11/17/2022 | Press release | Distributed by Public on 11/17/2022 12:13
Published on November 17, 2022
DDPHE offer tips to protect yourself, your guests, and your pets over the holiday
The Denver Department of Public Health & Environment (DDPHE) offers up important advice to keep your friends and family, including those furry, four-legged members, safe this Thanksgiving Day.
The turkey is often the star of your Thanksgiving dinner, so make sure it gets a round of applause and not a round of food poisoning.
There are three safe ways to defrost a turkey:
Wash your hands with soap and water, for at least 20 seconds, before and after handling food.
Keep all surfaces and utensils clean.
Never handle cooked and raw food together, to avoid cross-contamination.
Prepare food in separate areas. Keep raw meat away from vegetables or other uncooked food.
Don't wash the turkey. That spreads potential bacteria and can cause cross-contamination. Besides, cooking it to the right temperature (165 degrees) kills any bacteria.
Cook your bird to an internal temperature of 165 degrees.
Use a thermometer to test on the innermost part of the thigh and wing-as well, as the thickest part of the breast to ensure it's well-cooked.
It's better to be safe than sorry. You can call the pros at 1-888-674-6854 (USDA Meat and Poultry Hotline) with any cooking questions. The hotline is open Thanksgiving Day from 6:00 a.m.-12:00 p.m., Mountain Standard Time (MST).
Refrigerate leftovers quickly, no more than two hours after food has been served. Store food in shallow containers to allow more surface area to increase cooling.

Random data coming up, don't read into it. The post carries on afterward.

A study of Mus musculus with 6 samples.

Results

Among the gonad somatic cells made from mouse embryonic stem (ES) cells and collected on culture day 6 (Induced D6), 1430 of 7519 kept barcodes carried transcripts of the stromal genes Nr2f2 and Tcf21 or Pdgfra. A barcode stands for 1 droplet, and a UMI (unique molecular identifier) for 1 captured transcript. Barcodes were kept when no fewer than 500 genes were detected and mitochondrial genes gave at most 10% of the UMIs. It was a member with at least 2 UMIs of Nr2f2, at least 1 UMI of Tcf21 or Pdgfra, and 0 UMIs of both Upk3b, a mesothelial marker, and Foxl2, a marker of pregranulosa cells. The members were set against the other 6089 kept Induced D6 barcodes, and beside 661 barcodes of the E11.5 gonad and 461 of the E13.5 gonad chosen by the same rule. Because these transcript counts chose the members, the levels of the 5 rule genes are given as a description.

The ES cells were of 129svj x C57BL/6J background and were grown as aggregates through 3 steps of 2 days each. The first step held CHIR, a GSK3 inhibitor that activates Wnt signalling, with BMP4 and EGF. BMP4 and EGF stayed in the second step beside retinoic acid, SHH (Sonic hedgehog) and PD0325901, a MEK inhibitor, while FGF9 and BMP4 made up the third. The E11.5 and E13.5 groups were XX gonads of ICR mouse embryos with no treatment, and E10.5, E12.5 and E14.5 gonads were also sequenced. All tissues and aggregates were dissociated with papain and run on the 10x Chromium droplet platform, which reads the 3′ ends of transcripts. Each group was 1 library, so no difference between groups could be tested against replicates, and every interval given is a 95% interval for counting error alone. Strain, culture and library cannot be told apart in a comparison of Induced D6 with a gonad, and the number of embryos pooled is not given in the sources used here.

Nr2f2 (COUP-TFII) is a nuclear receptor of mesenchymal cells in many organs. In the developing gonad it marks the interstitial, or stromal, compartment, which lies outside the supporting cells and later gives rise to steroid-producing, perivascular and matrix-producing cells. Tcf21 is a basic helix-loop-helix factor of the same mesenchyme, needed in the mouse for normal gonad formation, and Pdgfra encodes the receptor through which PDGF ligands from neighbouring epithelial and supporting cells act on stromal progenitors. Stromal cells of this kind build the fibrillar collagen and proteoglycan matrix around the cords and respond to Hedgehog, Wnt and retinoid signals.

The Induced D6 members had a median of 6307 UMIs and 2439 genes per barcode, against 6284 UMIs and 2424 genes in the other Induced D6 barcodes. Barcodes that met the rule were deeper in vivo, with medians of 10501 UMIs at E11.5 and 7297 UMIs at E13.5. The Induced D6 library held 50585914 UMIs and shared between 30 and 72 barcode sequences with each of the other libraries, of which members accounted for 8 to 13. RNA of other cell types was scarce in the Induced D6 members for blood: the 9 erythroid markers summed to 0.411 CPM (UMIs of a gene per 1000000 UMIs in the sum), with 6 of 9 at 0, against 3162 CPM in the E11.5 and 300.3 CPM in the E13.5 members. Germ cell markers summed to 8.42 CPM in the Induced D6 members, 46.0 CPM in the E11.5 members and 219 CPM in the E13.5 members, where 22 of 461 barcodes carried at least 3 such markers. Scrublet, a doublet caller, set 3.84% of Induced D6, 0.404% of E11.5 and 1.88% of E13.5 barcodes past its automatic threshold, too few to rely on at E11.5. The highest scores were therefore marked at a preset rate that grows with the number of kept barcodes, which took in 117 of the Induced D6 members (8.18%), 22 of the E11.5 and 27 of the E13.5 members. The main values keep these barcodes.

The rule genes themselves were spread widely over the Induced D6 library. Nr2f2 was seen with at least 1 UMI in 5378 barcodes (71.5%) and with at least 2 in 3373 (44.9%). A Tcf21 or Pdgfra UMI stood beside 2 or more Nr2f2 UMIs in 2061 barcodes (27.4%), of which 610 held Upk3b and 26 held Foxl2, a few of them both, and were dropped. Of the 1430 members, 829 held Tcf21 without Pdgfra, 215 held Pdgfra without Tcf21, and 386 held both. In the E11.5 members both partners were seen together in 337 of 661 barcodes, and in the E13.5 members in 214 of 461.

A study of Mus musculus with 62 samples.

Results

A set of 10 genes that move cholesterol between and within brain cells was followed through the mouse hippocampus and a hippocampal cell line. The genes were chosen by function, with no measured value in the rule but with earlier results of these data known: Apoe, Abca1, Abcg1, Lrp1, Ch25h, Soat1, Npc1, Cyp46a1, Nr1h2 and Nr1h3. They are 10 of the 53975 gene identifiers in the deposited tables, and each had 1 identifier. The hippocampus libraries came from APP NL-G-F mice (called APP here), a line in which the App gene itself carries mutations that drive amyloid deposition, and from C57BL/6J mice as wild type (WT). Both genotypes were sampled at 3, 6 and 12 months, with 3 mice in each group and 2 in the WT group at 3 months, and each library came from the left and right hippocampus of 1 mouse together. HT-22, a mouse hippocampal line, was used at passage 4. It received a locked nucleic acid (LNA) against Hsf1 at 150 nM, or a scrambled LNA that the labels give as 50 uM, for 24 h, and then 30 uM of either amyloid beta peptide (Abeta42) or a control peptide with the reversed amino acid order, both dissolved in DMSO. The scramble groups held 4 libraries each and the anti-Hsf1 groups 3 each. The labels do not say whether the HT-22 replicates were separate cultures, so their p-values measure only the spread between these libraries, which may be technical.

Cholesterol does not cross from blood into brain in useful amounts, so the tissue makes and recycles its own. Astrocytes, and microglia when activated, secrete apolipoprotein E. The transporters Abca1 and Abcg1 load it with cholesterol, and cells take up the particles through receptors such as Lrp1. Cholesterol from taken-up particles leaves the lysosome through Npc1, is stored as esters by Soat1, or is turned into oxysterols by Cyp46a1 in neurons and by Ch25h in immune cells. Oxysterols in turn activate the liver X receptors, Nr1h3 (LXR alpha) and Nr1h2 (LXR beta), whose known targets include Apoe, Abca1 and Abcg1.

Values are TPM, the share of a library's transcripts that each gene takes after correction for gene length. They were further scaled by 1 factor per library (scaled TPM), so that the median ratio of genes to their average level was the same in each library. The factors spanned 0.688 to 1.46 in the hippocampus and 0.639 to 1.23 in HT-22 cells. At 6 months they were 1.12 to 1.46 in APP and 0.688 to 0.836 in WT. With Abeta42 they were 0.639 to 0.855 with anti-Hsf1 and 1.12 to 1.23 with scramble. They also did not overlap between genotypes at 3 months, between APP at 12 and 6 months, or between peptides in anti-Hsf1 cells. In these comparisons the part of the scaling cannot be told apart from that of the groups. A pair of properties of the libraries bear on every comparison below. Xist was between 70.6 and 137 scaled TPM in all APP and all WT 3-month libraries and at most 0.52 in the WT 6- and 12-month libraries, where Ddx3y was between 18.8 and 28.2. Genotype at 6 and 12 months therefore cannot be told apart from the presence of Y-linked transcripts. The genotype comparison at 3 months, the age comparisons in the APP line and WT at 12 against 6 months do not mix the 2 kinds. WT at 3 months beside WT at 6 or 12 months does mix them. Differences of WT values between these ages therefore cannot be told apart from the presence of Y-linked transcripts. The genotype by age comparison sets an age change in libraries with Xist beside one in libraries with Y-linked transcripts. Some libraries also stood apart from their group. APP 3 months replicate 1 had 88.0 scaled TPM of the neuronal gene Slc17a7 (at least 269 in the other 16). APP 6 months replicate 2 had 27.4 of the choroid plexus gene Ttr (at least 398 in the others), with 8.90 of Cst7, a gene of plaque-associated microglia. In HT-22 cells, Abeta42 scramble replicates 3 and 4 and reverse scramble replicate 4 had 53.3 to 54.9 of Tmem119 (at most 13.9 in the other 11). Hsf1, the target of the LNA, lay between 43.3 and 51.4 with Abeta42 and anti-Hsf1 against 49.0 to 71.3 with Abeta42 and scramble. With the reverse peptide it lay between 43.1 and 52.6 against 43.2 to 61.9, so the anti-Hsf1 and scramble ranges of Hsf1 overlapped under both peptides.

Keep hot food at 140 degrees or above. Keep cold foods at 40 degrees or below. Never let foods sit in the bacteria danger zone (40-140 degrees) for more than two hours.
Turkey leftovers are good in the refrigerator for up to four days. Casseroles and mashed potatoes can go up to five days. After that, put leftovers in the freezer, where they'll last indefinitely. But for best quality, eat within four months.
We also want to share safety information for the furry members of your family. You may be tempted to share with them the delightful deluge of holiday foods, but Denver Animal Protection (DAP) says that could lead to your pet's discomfort and an emergency visit to the vet.
Thanksgiving is a wonderful time to reconnect with family and friends. But if something does go wrong, make sure you're prepared. Before the festivities begin, locate an urgent care or emergency veterinarian that'll be open Thanksgiving Day. When minutes count, tracking down help can seem overwhelming.
For these safety tips and others, DDPHE food safety or animal protection staff members will be available for interviews. (This may also help you fill your newscasts and websites over the long holiday.) Contact us at [email protected] to request and schedule interviews.
Happy Thanksgiving to our caring community!